Now that the home entertainment market has moved towards streaming video services and Blu-ray content, there has never been a better time to convert DVD collections to digital.
Vodafone WiFi Cube 4G review: Sharing fast Internet
Vodafone and Huawei would have a winning combination were it not for one caveat
- Plug and play setup
- Managed via a fantastic app
- Fast Internet
- Good range
- Can share Internet with multiple devices
- Mobile data is expensive, relative to fixed broadband
- Mobile data fluctuates in speed
Price$ 159.00 (AUD)
Vodafone’s latest 4G modem proves an ideal investment for those who don't have the infrastructure for a fixed line service. The Wi-Fi Cube 4G is manufactured by Huawei, a Chinese company whose core competency is the building of networks, and that includes Vodafone’s own.
Plug and play setup
Huawei’s WiFi Cube 4G is a Wi-Fi modem of a new breed. Wireless modems typically pack an internal battery for use on the go. Huawei’s Cube differs because it has been designed to connect home devices to the Internet. It plugs into a powerpoint like any modem, and it disperses a fast Internet signal over Vodafone’s Cat4 LTE network.
Setting up the wireless router requires only that a SIM is inserted in the bottom and that it is plugged into a power point. Two LED lights indicate the status of the wireless and cellular signals, while the button up top mercifully turns off a glowing blue light powerful enough to light up a room.
It is possible to plug a device directly into the Cube 4G by way of an Ethernet port on its back. This is recommended for personal computers, televisions or gaming consoles.
Controlling and configuring the modem is easily done using a companion app, which supports both Android and Apple smartphones and tablets. The application displays the remaining data allowance, makes it possible to send text messages and can be used to transfer media between different devices.
Vodafone’s improved network
Vodafone’s 4G network covers 95 per cent of the Australian population. Compatibility with Cat4 LTE allows data to be transferred at a theoretical maximum of 150 Megabits per second (Mbps).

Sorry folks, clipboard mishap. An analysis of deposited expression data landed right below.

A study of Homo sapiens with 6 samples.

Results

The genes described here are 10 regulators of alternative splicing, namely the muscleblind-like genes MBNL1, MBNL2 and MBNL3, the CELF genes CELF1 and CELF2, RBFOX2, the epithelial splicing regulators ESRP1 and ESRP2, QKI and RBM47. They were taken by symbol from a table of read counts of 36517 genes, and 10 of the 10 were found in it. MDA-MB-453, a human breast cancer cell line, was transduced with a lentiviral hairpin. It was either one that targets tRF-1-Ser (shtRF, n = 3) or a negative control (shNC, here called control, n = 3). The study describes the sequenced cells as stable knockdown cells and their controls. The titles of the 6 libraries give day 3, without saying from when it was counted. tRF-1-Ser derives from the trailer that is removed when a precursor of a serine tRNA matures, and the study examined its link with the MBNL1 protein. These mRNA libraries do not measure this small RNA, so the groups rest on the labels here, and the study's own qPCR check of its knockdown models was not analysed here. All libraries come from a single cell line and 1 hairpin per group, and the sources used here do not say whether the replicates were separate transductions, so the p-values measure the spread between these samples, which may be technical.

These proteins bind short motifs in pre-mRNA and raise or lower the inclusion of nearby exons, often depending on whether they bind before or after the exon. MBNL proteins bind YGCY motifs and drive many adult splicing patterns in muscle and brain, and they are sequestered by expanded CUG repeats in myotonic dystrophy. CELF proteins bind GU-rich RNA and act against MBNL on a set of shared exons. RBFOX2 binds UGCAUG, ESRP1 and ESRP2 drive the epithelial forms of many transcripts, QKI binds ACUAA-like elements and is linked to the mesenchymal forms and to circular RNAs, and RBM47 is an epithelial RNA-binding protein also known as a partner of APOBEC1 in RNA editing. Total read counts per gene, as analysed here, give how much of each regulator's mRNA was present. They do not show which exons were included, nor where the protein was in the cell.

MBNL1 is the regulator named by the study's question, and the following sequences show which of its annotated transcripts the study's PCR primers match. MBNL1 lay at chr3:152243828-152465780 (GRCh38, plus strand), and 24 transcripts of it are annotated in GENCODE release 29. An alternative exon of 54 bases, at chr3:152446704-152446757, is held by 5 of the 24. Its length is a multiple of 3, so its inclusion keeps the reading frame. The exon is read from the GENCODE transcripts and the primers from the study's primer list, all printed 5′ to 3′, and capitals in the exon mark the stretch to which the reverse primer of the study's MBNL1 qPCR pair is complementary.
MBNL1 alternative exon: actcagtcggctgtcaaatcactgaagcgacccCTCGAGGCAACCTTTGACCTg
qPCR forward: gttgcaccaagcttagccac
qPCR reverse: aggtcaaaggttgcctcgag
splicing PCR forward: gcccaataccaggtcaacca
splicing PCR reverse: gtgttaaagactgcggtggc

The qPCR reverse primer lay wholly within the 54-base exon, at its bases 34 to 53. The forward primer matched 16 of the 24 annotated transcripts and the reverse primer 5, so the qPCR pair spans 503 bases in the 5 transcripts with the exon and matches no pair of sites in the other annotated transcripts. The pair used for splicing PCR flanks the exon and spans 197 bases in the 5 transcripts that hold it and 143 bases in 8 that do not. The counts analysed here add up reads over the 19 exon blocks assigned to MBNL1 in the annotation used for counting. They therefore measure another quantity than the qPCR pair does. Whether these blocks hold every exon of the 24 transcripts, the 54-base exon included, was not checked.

The modem itself supports single-band 802.11n and has a claimed range of 250 metres. Different factors, such as the structure of a building and the placement of the Huawei modem, will influence the range of its Wi-Fi signal.
Good Gear Guide tested the WiFi Cube 4G over a two week period in our double story townhouse. All of our devices — multiple smartphones and tablets, a Chromecast and a PlayStation 4 — retained a fast connection, even when we went upstairs. The signal naturally weakened, but we were always within the Huawei modem’s range.
Read more: Free Vodafone calls ring in Chinese New Year
Tests performed at 1.30pm in North Sydney, NSW, achieved a download speed of 39.22Mbps and an upload speed of 43.79Mbps. These tests were conducted a metre away from the Huawei WiFi Cube 4G.
One minute later we performed the same test approximately 30 metres away in our test centre. A speed test at this distance from the modem returned a download speed of 27.77Mbps and an upload speed of 19.01Mbps. These results illustrate how the placement of a modem in a home or office ultimately affects the actual Internet speed.
Speed tests performed in our Bankstown, NSW, house averaged 47.62Mbps for downloads and 13.7Mbps for uploads. Often we had five devices relying on the WiFi modem, and although the speeds were shared between each of them, the combination of Huawei’s WiFi Cube 4G and Vodafone’s improved network consistently resulted in fast downloads. In fact, the speeds achieved by Vodafone’s network surpassed that of Telstra’s Wi-Fi 4G Advanced II tested two weeks ago.
The tempting proposition of Vodafone’s Wi-Fi modem is undermined by an important caveat. Mobile data costs significantly more than that of broadband, and although Vodafone’s pricing remains competitive against rivalling mobile Internet offerings, it can’t compete against fixed line broadband.
Vodafone offers plans with a maximum of 25GB for $90 a month. Every additional gigabyte is another $10. Anyone partial to multimedia will likely go over the 25GB maximum allowance. This is a product reserved for people who don’t have the option of a fixed line service, and will only use it for emails, basic webpages and to update the software of their computer.
Huawei’s WiFi Cube 4G and Vodafone’s network are a dynamic duo. The modem is easy to set up, has an attractive application, a strong enough range and, in metropolitan areas, impressive Internet speeds.
Our only concern is the cost. The low data allowance effectively limits what Internet can be used. Many will have to cut down on YouTubing and music streaming, or face the wrath of an inflated bill.